By Linda Folken, MS, RDN, CSOWN, CDN
The short answer is yes! Research has shown that exercise increases a person’s overall health and feeling of well-being. This moves a person from the tensions of daily life into a more positive and centered state to take on whatever the day brings their way.
If you decide exercise may be a good source of stress relief for you, there are a few more things that are important know.
What are some of the direct stress-busting benefits of exercise?
-Increases the production of your brain’s feel-good neurotransmitters, called endorphins
-Reduces the negative effects of stress such as lowering blood pressure and increasing your “good” HDL cholesterol
-It’s a form of mindfulness and meditation in motion. It often helps you to forget about the day’s irritations and gets you concentrating only on your body’s movements
-Helps to elevate your mood and promotes calmness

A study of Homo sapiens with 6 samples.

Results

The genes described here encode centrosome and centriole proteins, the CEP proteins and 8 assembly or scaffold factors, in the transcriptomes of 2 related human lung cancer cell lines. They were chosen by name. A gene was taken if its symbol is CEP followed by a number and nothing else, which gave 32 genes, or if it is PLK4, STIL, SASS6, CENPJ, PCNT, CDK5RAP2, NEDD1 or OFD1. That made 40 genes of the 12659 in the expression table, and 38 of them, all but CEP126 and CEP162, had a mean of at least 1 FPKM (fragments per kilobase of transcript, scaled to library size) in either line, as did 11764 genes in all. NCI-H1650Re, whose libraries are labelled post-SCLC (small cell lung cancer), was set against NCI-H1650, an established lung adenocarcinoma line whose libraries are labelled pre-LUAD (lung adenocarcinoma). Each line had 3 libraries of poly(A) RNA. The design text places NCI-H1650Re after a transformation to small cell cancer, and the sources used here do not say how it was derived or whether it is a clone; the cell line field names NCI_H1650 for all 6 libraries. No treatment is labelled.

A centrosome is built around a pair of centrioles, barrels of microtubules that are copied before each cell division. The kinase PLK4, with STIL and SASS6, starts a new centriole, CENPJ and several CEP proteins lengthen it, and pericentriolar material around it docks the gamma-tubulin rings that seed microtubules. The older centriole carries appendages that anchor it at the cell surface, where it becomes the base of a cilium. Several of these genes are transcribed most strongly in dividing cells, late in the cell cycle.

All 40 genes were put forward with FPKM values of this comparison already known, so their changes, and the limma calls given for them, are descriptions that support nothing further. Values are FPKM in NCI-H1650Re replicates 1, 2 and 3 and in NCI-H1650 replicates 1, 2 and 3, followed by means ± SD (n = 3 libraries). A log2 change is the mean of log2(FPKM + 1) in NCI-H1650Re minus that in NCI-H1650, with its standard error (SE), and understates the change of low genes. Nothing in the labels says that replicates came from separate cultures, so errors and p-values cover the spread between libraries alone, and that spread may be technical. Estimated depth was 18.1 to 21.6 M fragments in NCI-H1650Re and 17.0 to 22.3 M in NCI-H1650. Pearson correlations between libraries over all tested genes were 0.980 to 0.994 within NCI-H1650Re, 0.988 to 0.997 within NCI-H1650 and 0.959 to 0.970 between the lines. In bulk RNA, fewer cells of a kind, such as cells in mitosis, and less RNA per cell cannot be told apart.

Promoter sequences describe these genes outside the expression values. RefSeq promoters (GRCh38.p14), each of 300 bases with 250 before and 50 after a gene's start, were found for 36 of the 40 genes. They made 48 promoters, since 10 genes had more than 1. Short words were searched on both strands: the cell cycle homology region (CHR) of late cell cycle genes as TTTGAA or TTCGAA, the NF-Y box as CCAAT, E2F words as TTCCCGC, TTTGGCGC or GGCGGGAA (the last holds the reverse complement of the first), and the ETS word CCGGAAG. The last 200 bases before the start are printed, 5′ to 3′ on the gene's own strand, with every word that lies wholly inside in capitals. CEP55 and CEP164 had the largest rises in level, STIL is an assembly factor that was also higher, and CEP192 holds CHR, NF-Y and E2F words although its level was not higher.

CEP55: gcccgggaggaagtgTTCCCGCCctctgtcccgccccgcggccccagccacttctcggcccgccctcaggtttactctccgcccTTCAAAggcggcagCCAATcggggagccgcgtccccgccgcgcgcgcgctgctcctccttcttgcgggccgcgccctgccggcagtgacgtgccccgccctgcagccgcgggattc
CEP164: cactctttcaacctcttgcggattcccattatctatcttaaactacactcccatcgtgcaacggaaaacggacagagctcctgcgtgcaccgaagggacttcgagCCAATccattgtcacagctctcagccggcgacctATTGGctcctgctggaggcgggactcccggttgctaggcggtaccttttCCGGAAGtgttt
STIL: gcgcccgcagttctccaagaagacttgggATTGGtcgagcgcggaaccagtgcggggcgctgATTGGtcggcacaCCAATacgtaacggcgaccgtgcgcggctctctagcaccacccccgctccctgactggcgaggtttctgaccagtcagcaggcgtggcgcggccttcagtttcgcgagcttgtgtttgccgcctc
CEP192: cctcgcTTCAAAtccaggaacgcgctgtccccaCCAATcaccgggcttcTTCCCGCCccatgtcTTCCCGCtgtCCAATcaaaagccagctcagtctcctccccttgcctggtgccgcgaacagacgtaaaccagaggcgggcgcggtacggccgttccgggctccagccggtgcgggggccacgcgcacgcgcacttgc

-Improves your overall quality of sleep
What are the recommended guidelines to put exercise and stress relief to work for you?
First, consult with your physician before starting an exercise program if you haven’t exercised for some time and have health concerns.
For most healthy adults, the Department of Health and Human Services recommends aiming for 150 minutes of moderate intensity activity or 75 minutes of vigorous aerobic activity per week, or a combination of both.
It’s also recommended to aim for strength training at least two times per week.
How to make an exercise routine stick:
– Pick an exercise, sport, or class that you love.
– Find a friend to buddy up with for accountability.
– Exercise in short bouts. If you can’t walk for 30 minutes at one time, try a few five-minutes walks instead.
Whatever you do, think of exercise as part of your self-care routine and not as one more thing on your to-do list. Find the activity that you enjoy. Any type of physical activity can help you unwind and become an important part of your approach toward easing your stress and improving your health.
Linda Folken, MS, RDN, CSOWN, CDN has been a registered dietitian nutritionist for more than 30 years. She specializes in bariatric and medical weight management nutrition.